Tony Mastroianni Review Collection

Rock Musical tells of big city ghetto

Cleveland Press April 29, 1971

NEW YORK -- "The Me Nobody Knows" was an off Broadway musical. It is a year old and is now on Broadway. It is a rock musical about big city ghetto life, notably among the blacks and Puerto Ricans.

It is based on the book of the same name which was a collection of brief writings by ghetto school children. The book is really a springboard for the show, lines serving as song cues mostly. Most of the Iyrics are professionally written.

Spirit and sincerity are the strong points in this show along with the energetic performances of 12 youngsters ranging in age from about 11 to 18 or 19.

There is no story line, just a series of impressions and vignettes. The kids sing of their dreams, their desires, their frustrations, their observations. The first act is rather bright and optimistic, the second is bleak but seems more honest. It is in the second act that the kids start to sing about the horrors they see all around them; the drugs, the rats, poverty and oppression.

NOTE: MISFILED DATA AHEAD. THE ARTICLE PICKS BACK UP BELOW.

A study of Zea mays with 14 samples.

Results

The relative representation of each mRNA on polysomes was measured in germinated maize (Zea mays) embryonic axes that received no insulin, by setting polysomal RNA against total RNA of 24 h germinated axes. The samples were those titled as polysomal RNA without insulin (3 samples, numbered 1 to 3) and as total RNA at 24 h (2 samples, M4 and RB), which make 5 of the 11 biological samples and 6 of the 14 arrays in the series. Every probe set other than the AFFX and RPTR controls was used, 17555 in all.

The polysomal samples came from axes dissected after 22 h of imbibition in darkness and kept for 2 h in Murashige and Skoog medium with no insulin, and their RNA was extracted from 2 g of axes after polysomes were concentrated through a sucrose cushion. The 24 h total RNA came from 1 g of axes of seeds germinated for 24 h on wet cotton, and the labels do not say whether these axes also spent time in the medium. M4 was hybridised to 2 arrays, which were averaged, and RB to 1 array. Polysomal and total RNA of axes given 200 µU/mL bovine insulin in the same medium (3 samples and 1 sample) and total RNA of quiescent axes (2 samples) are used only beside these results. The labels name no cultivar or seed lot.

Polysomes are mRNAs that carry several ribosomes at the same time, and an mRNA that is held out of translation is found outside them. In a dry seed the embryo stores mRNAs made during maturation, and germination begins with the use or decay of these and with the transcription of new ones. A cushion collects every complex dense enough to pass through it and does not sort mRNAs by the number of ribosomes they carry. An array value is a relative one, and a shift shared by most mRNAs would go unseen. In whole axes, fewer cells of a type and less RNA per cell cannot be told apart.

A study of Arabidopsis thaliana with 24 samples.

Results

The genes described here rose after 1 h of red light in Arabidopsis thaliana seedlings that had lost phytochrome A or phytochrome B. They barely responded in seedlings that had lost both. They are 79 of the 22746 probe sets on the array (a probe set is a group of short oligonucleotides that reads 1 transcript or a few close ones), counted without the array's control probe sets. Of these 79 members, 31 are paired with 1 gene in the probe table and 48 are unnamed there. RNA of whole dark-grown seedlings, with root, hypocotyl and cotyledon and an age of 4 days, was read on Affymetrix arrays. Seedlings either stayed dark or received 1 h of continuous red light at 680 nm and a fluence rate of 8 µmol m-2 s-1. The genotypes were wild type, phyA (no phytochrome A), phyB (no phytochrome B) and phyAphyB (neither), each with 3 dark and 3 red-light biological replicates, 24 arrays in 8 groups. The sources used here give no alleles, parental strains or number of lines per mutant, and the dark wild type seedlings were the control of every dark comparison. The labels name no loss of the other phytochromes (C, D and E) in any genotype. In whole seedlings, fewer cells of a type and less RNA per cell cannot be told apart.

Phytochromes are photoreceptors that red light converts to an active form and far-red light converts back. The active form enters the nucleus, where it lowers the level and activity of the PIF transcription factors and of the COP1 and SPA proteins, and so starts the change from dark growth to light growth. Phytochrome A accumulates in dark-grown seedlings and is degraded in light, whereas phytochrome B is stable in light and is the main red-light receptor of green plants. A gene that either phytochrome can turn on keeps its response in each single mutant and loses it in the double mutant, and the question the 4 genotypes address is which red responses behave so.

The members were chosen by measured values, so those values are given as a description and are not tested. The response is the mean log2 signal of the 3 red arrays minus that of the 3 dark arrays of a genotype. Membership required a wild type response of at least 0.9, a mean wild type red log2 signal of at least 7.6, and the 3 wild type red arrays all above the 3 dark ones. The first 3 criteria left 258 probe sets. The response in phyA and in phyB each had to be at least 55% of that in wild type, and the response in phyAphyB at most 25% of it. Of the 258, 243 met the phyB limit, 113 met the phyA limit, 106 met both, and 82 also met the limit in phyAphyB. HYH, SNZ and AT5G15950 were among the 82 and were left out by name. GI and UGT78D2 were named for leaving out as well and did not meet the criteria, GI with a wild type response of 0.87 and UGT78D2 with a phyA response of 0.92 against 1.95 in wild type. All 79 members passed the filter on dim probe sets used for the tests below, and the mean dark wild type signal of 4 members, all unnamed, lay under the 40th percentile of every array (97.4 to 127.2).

UNLIKE SOME message shows, this one always rings true. Some of it is surface much of it digs down into their experiences. It is uneven material, however, and sometimes it is spread rather thin.

It ranges from the obvious (and generally funny) to the less obvious, the longings that are more difficult to explain.

"My favorite subject is lunch," one youngster belts out. "Mashed potatoes on the.wall, teachers shrieking in the hall." It's as though Art Linkletter went slumming.

MORE TO THE point is "Rejoice " a bitter ode to practicality -- rats killed the baby so now there's more for everyone and the kid will never know the horrors of growing up.

In a number near the end, the whole company sings "Let Me Come In," which eloquently sums up their desires.

The music is spirited, pseudo-rock rather than genuine rock, a dash of rhythm and blues and the flavor of spirituals. The overall feel of the music, Iyrics and book is one of sincerity rather than professionalism.